Owner Financing Question - Posted by pcm

Posted by Grant DeNormandie on April 10, 1999 at 07:40:21:

In some states a contract sale is legal. Title does not pass to the buyer until the last payment is made. This is done in Illinois for instance. There is no recordable mortgage. The seller takes back the property in the event of default. The buyer looses all of the payments he has made and has no equity in the property. Check the present mortgage however, as there may be a clause expressly prohibiting this type of contract. Even where there is a prohibition, I have seen it done as the bank is never aware of the contract but I think this could be dangerous as the bank would have the right to forclose on learning of the violation. Another problem with these contracts arises when the purchasor damages the property and walks away from the deal. When our company ended its lease of our building a few years ago the owner of the building was not able to re-lease it. She decided to sell it on contract with a very small down payment. The new owner took possession and immediately stripped the building of everything including copper wirings, electrical boxes, fixtures, etc. He never made a single payment on the contract. The owner was forced by the City of Chicago to level the building. Also, because the building was not occupied, she could not get insurance, leaving her exposed to a great deal of liability.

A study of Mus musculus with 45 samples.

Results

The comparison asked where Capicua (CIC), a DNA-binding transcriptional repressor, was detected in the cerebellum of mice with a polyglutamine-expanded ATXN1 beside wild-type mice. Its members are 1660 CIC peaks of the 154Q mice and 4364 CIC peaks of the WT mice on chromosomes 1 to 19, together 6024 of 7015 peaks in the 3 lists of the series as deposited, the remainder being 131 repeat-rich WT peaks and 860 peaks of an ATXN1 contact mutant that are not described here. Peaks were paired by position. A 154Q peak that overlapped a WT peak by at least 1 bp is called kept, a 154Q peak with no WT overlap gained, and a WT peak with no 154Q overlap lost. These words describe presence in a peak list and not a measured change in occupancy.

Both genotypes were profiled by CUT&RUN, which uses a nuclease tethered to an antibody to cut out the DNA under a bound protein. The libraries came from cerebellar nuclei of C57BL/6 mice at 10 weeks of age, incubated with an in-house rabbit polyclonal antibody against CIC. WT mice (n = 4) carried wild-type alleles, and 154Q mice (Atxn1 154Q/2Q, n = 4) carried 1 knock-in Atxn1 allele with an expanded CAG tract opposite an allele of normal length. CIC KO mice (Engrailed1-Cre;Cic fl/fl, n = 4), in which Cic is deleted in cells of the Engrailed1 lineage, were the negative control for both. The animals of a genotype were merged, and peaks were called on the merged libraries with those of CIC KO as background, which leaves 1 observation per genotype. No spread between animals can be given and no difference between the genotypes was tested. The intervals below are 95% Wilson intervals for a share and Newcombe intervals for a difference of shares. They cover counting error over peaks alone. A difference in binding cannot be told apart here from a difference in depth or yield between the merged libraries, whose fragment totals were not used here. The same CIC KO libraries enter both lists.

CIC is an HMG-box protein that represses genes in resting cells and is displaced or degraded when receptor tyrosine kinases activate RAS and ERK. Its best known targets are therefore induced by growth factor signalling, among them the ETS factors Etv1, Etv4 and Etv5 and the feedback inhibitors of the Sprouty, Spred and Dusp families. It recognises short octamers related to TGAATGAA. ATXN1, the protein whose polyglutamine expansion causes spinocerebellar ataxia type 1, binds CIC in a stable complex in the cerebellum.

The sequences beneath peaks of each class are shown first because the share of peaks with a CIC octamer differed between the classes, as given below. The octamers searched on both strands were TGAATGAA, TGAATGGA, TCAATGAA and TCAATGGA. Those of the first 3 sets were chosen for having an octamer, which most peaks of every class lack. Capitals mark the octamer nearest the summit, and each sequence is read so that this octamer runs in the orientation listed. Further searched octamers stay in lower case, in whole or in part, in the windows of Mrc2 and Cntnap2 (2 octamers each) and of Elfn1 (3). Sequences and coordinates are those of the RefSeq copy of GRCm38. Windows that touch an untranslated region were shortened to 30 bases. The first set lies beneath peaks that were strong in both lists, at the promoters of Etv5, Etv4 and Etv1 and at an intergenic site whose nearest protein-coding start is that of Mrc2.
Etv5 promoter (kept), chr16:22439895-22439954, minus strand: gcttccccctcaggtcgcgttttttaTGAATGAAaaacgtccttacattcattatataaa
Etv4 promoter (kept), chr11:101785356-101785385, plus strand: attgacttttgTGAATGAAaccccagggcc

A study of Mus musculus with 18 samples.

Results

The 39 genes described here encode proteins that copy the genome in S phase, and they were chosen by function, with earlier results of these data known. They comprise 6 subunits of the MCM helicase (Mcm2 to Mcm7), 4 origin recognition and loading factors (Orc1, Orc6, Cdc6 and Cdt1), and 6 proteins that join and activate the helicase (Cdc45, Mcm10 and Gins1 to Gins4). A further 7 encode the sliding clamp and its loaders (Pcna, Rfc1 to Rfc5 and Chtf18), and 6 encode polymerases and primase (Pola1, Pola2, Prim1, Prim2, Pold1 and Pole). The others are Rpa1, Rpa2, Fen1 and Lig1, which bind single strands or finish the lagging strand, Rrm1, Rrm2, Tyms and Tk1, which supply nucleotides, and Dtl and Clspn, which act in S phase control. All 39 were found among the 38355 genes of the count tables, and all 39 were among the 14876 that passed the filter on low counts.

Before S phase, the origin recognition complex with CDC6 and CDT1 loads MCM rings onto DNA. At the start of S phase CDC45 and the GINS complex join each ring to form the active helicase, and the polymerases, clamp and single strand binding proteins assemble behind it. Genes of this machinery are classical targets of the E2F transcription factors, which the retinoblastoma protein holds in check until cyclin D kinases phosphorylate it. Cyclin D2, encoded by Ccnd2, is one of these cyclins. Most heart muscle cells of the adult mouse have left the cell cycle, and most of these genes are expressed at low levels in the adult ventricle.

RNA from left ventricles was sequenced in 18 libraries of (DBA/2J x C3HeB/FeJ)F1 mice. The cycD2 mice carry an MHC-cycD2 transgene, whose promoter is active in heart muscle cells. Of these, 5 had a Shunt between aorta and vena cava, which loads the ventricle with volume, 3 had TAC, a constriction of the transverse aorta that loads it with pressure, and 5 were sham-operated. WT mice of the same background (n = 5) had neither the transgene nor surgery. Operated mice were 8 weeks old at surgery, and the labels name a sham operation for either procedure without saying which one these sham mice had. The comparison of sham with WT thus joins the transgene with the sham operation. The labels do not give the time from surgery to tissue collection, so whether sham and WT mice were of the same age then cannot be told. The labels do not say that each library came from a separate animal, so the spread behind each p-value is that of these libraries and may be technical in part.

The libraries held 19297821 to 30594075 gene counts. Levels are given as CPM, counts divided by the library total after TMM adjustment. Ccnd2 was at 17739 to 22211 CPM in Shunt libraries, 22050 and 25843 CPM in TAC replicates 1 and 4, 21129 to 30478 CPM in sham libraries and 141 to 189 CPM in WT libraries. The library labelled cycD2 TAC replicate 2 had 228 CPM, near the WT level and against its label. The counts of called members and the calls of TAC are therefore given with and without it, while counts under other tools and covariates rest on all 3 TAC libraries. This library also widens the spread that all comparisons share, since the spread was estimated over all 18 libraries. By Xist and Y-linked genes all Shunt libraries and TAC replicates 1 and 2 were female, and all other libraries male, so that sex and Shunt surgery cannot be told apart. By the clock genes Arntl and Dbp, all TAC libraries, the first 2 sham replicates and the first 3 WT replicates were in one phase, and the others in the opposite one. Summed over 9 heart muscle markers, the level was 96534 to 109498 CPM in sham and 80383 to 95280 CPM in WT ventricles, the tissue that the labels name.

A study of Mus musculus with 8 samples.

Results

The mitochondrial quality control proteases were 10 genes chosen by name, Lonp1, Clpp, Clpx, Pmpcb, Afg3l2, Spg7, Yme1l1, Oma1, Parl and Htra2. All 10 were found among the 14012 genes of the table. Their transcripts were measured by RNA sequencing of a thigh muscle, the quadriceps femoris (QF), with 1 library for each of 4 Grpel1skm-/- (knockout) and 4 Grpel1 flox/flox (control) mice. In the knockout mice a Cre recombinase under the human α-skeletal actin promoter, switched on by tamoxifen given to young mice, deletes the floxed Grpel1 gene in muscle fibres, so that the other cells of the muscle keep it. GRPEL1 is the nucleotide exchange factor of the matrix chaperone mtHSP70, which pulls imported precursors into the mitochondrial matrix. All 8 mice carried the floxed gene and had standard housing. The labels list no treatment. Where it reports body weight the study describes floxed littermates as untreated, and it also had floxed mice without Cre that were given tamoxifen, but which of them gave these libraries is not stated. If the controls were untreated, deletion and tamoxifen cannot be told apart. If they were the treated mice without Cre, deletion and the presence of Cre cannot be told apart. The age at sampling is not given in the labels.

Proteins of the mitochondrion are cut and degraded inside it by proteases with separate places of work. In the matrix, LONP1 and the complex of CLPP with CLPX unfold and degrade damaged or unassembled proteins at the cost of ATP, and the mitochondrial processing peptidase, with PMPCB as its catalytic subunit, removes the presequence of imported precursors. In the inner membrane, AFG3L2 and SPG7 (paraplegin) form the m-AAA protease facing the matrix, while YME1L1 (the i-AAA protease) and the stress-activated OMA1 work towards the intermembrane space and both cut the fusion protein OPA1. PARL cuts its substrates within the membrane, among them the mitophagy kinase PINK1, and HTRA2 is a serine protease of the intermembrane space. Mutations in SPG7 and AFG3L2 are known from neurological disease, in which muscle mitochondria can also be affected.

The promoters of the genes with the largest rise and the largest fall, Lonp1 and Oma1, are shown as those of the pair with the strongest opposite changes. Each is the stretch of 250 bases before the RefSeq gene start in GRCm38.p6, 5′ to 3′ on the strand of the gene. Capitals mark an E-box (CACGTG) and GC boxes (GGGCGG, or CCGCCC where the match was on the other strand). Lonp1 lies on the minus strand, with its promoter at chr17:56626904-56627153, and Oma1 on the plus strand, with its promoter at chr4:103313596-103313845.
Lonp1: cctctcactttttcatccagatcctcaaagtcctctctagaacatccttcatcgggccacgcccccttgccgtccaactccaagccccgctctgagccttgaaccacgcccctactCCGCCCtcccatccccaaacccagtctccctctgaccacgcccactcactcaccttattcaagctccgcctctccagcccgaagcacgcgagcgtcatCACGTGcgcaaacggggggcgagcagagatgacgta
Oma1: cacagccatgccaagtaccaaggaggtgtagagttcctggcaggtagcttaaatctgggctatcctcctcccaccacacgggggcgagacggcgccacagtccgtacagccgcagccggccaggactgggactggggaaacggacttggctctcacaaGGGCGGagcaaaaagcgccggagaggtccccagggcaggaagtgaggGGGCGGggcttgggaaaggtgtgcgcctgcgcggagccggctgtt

Owner Financing Question - Posted by pcm

Posted by pcm on April 09, 1999 at 18:29:52:

Please excuse me I’m new. I’ve learned a lot from reading this web site.

If an owner wants out and is willing to hold a note for the sale of the property and there is a bank loan in place:

  1. Am I responsible to pay the owner and the bank (a double monthly payment)?
  2. Do I need to come into the deal with cash to pay off the bank?
  3. Is seller financing only viable with free and clear property?
  4. How does this work?

I’ve read and listened to talk about new investors (me) with unfavorable finacial positions to utilize seller financing to avoid banks in order to get in the game. If there is a bank loan in place, non-assumable, and the deal is good; what do I do to avoid the bank?


Avoid … - Posted by David Alexander

Posted by David Alexander on April 11, 1999 at 20:22:00:

buying on a Land Contract if you can. You want a deed or mortgage.

You would be better off taking over the owners loan(assumable or unassumable) and making payments to the bank yourself. If he needs to take back a second you would also make payments to him on that. If in the event you wrap his note and make payments to him, you then would want a performance mortgage in place, to insure you are protected.

Read everything on this site and then Post this on newsgroup 1 you’ll get more response.

David Alexander

Suggest Land Contract - Posted by Sean

Posted by Sean on April 10, 1999 at 09:20:35:

I suggest you approach the current owner about a land contract. This would let you pay a monthly payment to the current owner, he would pay the bank mortgage and you would have possession of the house and begin building equity.

To be certain there are some risks to both sides. What if the current owner collects your payment, but never pays the underlying amount? What if the owner gets Alzheimer’s disease before you make all the payments necessary to get the house into your name? For this and other reasons it’s good to get an attorney involved to draft the agreement properly. This normally works well because the bank does not realize the property has changed hands because the insurance still names the original owner as the beneficiary.